Haitian woman dies during airline flight
Brooklyn woman allegedly refused oxygen
Forty-four-year-old Carine Desir had no idea that she would die on a flight returning from her native Haiti to New York.
Desir was a passenger on an American Airlines flight when she complained of not feeling well and being very thirsty. Desir had just finished eating a meal on the flight home from Port-au-Prince to John F. Kennedy International Airport, according to Antonio Oliver, a cousin who was traveling with her and her brother.
A few minutes later, Desir said she was having trouble breathing and asked for oxygen.
She said, “My darling, please don’t let me die. Go ask for some oxygen for me please,” said Oliver. After pleading with the flight attendants for oxygen, he says they responded with two portable tanks. But according to Oliver, a flight attendant twice refused her request.
Airline spokesman Charley Wilson said Desir’s cousin flagged down a flight attendant and said Desir had diabetes and needed oxygen. “The flight attendant responded, ‘OK, but we usually don’t need to treat diabetes with oxygen, but let me check anyway and get back to you, Wilson said.
The employee spoke to another flight attendant, and both approached Desir within three minutes, according to Wilson.
Wilson said three flight attendants helped Desir. One of the flight attendants tried to administer oxygen from a portable tank and mask, but Oliver insists both tanks were empty. Wilson said the fight attendants “stepped back” after doctors and nurses on the flight began to help Desir.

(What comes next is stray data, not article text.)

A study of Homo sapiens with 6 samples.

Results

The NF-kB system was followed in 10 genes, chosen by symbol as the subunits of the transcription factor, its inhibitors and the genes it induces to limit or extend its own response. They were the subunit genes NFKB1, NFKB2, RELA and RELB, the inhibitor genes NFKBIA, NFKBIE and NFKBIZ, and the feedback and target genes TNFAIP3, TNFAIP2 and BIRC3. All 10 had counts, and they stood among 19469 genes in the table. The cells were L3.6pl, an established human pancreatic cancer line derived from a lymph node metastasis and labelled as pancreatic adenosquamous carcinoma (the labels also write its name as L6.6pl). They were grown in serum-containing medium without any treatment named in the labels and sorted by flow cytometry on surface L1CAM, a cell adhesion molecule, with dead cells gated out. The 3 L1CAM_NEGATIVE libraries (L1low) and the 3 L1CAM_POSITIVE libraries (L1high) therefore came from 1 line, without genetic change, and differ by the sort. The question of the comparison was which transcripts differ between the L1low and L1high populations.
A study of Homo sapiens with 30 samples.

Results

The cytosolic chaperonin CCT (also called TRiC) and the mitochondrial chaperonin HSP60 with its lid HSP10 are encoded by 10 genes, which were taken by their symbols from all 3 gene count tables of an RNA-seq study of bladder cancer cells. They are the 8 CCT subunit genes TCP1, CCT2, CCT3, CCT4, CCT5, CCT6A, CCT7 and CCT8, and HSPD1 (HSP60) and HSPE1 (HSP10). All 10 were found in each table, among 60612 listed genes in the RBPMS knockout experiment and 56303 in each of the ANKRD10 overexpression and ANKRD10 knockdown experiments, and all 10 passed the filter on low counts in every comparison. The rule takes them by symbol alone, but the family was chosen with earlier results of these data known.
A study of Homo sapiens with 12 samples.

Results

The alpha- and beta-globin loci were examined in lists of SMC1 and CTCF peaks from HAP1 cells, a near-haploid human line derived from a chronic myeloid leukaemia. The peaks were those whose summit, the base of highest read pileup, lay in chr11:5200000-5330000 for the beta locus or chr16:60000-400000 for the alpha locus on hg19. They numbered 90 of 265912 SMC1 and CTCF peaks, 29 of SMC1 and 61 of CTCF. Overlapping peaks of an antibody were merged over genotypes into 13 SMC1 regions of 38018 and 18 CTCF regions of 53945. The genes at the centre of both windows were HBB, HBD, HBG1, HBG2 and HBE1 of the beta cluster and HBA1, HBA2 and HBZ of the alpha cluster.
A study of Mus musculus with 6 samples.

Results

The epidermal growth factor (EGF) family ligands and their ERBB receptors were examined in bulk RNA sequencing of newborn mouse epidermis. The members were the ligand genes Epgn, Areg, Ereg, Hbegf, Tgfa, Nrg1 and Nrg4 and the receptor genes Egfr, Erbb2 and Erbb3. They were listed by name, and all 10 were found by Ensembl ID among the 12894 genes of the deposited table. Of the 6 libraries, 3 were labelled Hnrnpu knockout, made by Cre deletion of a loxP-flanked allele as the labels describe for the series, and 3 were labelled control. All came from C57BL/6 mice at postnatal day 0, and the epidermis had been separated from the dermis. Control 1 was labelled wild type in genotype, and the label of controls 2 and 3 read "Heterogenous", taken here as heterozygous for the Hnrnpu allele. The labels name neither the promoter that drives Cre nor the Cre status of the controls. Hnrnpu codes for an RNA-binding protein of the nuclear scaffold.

“The doctor said, ‘Nothing is working in the plane, I can’t believe it,” Oliver said. The doctor, in a statement released by his attorney, says, “Oxygen tanks were available,” but that he cannot “confirm any level of oxygen that may have been contained in them.”
Wilson and doctor Joel Shulkin said the defibrillator indicated that Desir’s heartbeat was too weak for the unit to work.
“The doctor said, ‘Nothing is working in the plane, I can’t believe it,” Oliver claims. “Her last words were, ‘I cannot breathe,” he said.
Oliver said he then asked for the plane to “land right away so I can get her to a hospital,” and the pilot agreed to divert to Miami, 45 minutes away. But during that time Desir collapsed and died.
The medical examiner says that Desir, who had a history of heart disease, died after her heart stopped beating.
Desir’s family is claiming that the crew ignored her pleas until it was too late.
“Desir’s body was moved to the floor of the first-class section and covered with a blanket,” Oliver said.
But officials at American Airlines said, “Oxygen was administered and the automatic external defibrillator was applied.” A spokesman said, “The airline stands behind the actions and training of its crew and the functionality of the onboard medical equipment.”
“They’re not expected to be miracle workers in the airplane,” said aviation attorney Marc Moller.
Ellen Borakove, a spokeswoman for the medical examiner’s office, said that Desir died of complications from heart disease and diabetes.
“The only good that can come out of this tragedy is if every airline makes sure all of their life-saving equipment that’s on board the plane is working 100 percent,” New York Senator Chuck Schumer said.